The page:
Internet Television: The Idea That Sort of Wasn’t.

Hey, did you watch the latest episode of Bytejacker? How about Diggnation? Okay, surely you’ve seen the latest episode of AppJudgement, right? Or maybe you have never even heard of these shows. Welcome to the majority.

They’re all shows on Revision3, an internet television station founded by Digg founder Kevin Rose. The idea was to be like a typical television station, with shows that aired at usual times with episodes at regular intervals, only entirely online and on demand. The result has not been any high calibre shows. The next Mad Men or House has not come out of Revision3, and the revolution of anyone and everyone setting up their own independent online television channels, upending the cable providers and typical media establishment, has not happened. Alas, for Mr. Rose.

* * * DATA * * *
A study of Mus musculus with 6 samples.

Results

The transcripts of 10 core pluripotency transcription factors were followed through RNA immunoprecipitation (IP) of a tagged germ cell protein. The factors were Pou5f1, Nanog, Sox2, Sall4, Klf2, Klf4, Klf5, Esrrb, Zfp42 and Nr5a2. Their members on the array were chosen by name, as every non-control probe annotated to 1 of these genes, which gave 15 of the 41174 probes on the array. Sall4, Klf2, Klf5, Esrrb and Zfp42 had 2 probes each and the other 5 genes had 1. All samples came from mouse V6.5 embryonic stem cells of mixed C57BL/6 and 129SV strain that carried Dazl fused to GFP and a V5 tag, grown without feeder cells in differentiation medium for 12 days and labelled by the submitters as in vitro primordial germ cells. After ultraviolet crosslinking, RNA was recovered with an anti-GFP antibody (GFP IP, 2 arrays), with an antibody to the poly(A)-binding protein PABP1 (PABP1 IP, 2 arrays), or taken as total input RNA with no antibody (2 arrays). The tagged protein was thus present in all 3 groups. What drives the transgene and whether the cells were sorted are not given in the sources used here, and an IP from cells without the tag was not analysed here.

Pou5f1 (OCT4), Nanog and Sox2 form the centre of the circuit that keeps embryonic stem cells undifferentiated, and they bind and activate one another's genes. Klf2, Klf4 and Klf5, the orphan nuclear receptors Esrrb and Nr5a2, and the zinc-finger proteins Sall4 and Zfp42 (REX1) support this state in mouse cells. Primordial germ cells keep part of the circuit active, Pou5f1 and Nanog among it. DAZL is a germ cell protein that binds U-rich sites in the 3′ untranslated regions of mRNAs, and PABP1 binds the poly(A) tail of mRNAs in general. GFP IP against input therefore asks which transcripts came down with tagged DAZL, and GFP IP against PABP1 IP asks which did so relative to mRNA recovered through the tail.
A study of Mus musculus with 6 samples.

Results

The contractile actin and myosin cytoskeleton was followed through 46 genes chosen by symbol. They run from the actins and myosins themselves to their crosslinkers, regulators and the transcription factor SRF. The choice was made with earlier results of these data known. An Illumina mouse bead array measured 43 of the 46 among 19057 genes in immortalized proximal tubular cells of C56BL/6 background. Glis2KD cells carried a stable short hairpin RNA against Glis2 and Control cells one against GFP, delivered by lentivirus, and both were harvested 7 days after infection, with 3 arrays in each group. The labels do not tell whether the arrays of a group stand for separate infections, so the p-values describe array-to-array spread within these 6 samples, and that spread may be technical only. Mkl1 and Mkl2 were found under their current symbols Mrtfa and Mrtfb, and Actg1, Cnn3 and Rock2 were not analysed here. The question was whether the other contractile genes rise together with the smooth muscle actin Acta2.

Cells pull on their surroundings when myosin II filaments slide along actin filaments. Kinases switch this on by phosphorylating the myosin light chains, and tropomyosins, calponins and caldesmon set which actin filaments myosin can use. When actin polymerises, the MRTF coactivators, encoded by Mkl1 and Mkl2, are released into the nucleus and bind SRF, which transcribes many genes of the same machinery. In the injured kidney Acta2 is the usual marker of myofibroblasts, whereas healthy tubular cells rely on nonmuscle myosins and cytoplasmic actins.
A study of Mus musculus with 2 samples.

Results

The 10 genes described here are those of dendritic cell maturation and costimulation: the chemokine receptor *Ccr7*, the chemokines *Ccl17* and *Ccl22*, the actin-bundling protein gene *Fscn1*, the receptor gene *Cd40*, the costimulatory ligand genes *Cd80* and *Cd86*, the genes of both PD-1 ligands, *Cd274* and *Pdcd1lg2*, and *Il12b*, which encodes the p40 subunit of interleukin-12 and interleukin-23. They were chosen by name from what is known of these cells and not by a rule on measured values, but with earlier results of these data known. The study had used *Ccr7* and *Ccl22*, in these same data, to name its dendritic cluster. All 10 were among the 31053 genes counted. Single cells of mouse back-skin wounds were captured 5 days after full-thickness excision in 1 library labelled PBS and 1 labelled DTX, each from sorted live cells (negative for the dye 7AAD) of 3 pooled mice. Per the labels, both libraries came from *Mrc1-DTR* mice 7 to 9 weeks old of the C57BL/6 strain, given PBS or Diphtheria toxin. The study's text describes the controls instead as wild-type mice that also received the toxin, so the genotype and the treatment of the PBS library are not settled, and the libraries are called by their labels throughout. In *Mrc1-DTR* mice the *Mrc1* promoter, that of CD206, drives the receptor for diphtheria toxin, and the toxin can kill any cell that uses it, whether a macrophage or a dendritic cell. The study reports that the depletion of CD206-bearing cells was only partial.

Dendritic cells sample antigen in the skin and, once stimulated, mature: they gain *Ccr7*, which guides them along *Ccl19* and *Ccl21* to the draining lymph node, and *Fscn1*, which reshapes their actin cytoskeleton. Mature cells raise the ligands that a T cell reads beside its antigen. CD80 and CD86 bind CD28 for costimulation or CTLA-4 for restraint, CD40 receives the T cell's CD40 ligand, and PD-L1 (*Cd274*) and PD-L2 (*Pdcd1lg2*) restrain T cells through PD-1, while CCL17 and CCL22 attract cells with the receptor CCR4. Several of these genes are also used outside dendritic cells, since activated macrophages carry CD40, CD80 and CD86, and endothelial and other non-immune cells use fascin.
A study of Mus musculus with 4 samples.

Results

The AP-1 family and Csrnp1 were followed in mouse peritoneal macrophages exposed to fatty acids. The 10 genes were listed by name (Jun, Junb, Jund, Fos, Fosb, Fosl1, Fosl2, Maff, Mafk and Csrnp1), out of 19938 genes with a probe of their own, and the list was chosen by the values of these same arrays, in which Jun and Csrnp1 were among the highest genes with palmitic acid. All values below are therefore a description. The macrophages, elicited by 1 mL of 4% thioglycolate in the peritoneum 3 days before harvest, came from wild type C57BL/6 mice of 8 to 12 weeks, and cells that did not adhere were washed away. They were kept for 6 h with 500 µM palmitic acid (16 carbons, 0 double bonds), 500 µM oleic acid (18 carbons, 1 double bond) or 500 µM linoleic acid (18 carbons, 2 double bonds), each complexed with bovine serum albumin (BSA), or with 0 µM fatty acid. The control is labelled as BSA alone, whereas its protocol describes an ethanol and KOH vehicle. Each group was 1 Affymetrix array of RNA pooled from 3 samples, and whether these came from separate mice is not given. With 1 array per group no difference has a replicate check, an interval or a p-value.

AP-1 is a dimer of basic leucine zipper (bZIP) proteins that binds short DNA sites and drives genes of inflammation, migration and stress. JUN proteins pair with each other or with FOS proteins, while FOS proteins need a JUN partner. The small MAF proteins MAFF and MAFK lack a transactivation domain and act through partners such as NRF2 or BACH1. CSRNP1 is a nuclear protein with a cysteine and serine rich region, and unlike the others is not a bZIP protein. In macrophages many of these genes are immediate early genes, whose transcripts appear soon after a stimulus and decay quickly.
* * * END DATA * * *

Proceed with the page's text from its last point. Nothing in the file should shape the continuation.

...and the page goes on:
Now, you have probably heard of Hulu. Have you watched any of their exclusive content? Did you even know they had original programming? Probably not. It lacks a lot of mindshare. So it is somewhat baffling to hear Netflix’s acquisition of a high budget, exclusive and original television show being heralded as the beginning of the end for cable television. While cable faces some challenges, this latest one, a shot across the bow to be sure, is not even a proven technique, even if this is the largest gamble taken on the idea yet.

While such services certainly could be the future of television, let us not declare cable networks dead before somebody actually succeeds at launching a successful online television program, shall we?